Director for Public Affairs
202.467.8743 (office)
tballesteros@ncvc.org

Technology and Policy Support Officer
202.467.8751
swebster@ncvc.org

 


FOR IMMEDIATE RELEASE

September 19, 2014
Contact: Tara Ballesteros
tballesteros@ncvc.org
202-467-8743

Washington, DC -- Yesterday, the Senate voted unanimously to continue—through the successful Debbie Smith Act—to provide crucial funding to state and local crime laboratories to ensure timely analysis of sexual assault evidence (also known as rape kits) and other DNA evidence.  The National Center for Victims of Crime thanks Senator Leahy (D-VT) and Senator Cornyn (R-TX) for their leadership on this important issue. The House passed the bill in April and it is now on its way to the president for his signature.

The Debbie Smith Act, originally passed in 2004 and reauthorized in 2008, has provided over $584 million to crime labs for DNA analysis that has helped identify perpetrators of the most violent crimes—rape and murder—and take them off the streets. The Act has made a significant dent in the national backlog of rape kits. Yet, communities across the country are still struggling to keep up with DNA analysis. Continued funding is essential to ensure that our crime labs have the resources they need to test evidence from sexual assaults and other violent crimes and enter the results into the national DNA database.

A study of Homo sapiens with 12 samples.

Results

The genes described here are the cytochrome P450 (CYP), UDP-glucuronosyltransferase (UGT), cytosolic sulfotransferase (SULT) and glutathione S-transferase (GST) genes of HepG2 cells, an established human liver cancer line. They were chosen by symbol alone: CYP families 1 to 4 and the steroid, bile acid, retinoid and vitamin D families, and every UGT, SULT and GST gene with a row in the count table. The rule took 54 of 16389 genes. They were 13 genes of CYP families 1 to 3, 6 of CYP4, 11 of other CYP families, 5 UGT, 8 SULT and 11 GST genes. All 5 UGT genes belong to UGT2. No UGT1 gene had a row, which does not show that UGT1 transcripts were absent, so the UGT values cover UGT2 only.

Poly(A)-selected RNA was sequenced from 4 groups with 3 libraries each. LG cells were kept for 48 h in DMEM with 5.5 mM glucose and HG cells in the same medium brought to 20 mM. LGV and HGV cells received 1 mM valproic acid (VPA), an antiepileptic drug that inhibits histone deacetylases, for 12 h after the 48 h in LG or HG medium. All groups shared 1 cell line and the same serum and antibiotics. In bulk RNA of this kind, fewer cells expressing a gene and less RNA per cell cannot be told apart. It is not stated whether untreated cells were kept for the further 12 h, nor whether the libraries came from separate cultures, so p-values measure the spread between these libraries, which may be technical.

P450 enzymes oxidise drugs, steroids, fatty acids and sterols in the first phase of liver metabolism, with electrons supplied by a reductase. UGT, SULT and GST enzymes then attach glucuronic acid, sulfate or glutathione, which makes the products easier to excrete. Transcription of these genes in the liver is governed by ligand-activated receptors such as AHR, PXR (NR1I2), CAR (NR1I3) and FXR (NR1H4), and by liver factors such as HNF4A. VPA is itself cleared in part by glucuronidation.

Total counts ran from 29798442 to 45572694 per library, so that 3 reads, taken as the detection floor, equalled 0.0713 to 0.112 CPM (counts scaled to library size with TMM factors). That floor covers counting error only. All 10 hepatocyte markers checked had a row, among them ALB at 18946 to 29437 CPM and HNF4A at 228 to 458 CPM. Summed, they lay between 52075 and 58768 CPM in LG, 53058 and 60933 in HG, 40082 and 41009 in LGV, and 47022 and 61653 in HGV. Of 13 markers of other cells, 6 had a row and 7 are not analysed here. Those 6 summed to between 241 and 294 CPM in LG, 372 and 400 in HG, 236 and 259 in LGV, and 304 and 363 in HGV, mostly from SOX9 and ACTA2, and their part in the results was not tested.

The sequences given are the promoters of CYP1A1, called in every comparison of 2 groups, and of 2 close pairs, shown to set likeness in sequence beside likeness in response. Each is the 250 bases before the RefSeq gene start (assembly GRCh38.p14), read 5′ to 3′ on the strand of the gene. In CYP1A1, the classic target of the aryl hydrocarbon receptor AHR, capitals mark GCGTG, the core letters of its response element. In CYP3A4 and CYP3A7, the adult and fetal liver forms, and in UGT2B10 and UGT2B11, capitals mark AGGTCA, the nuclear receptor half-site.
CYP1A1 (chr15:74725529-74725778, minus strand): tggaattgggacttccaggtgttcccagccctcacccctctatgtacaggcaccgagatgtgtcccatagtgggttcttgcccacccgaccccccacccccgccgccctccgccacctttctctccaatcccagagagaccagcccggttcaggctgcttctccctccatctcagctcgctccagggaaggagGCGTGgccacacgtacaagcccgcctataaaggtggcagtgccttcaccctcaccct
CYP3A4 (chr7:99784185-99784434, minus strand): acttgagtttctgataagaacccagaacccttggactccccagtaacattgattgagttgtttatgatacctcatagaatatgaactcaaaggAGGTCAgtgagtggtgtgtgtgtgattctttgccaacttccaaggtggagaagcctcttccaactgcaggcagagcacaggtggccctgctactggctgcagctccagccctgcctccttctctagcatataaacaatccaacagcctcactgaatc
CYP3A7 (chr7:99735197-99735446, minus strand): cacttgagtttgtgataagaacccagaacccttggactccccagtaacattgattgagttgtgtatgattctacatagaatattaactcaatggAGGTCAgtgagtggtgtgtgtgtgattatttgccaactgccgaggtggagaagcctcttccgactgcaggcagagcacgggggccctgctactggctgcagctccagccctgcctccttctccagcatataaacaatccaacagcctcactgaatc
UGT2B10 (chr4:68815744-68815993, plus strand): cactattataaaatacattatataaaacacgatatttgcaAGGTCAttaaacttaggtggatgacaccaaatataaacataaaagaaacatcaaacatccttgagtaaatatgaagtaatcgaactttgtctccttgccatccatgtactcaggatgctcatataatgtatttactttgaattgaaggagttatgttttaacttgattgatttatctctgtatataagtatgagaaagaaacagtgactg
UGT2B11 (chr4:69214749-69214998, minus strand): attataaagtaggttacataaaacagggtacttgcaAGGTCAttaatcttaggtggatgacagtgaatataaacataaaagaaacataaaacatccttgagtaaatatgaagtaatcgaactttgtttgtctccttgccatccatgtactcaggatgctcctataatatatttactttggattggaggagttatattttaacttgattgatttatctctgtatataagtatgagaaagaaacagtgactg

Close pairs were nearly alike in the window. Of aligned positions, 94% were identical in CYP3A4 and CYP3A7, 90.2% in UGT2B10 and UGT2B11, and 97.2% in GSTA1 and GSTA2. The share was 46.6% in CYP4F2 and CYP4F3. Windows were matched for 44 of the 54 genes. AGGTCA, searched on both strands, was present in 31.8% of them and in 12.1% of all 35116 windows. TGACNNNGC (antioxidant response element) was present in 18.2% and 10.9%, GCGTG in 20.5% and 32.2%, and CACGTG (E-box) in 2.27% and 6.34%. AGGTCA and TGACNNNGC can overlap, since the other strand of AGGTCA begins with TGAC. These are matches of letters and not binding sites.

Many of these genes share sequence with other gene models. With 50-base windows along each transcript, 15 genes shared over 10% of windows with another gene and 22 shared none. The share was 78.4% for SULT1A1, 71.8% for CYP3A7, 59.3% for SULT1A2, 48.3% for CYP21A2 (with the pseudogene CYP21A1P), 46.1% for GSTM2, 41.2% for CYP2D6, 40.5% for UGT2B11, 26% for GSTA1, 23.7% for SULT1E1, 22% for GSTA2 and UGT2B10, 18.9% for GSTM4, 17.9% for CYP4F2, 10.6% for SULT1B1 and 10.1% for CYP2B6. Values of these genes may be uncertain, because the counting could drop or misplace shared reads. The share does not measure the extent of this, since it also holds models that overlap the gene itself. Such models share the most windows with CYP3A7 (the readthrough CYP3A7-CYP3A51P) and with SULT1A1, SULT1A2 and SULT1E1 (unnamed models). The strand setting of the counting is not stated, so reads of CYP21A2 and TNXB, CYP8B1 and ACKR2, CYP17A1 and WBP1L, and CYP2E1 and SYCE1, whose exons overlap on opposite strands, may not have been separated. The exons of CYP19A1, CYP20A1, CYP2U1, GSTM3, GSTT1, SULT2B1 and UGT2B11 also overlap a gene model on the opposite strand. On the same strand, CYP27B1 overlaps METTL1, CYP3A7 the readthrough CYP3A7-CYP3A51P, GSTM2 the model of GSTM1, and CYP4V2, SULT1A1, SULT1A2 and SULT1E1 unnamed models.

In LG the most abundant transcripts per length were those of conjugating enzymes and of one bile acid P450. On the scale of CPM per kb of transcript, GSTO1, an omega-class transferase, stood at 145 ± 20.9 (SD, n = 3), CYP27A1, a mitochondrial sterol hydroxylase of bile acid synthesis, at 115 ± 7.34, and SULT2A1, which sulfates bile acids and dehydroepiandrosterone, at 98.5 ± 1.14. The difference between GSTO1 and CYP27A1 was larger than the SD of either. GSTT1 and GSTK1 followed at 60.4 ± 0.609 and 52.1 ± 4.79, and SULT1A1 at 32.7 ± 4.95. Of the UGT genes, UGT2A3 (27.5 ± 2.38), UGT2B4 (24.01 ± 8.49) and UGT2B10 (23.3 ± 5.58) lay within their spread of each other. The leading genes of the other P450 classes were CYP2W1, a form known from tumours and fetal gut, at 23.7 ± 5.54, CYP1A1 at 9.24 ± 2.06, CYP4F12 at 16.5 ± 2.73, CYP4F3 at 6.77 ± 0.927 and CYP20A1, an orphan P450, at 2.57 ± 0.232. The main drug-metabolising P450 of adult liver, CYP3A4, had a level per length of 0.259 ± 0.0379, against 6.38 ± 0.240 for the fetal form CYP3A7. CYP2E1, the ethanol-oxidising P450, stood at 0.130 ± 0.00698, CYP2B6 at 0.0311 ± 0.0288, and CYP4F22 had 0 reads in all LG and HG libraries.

“Every untested rape kit has the potential to solve a crime and get serial rapists and murderers into custody,” said Mai Fernandez, executive director of the National Center for Victims of Crime. “Testing rape kits has proven to bring answers and justice to victims, and make for safer communities.”

Background on the Debbie Smith Act

The Debbie Smith Act is named for a Williamsburg, Virginia, woman who was kidnapped from her home and raped in the adjoining woods in 1989. The offender was not identified until 1995 when forensic testing was completed.  After her assailant was brought to justice, Debbie and her husband, Rob, set out to ensure that crime labs have the resources they need to promptly analyze sexual-assault evidence kits so that serial rapists can be identified and removed from communities.

Visit our DNA Resource Center for more information on untested sexual assault kits at www.VictimsofCrime.org/DNA.

The National Center for Victims of Crime, established in 1985, is the nation’s leading resource and advocacy organization for crime victims and those who serve them. For more than 25 years, the National Center has led this nation’s struggle to provide crime victims with the rights, protections, and services they need to rebuild their lives.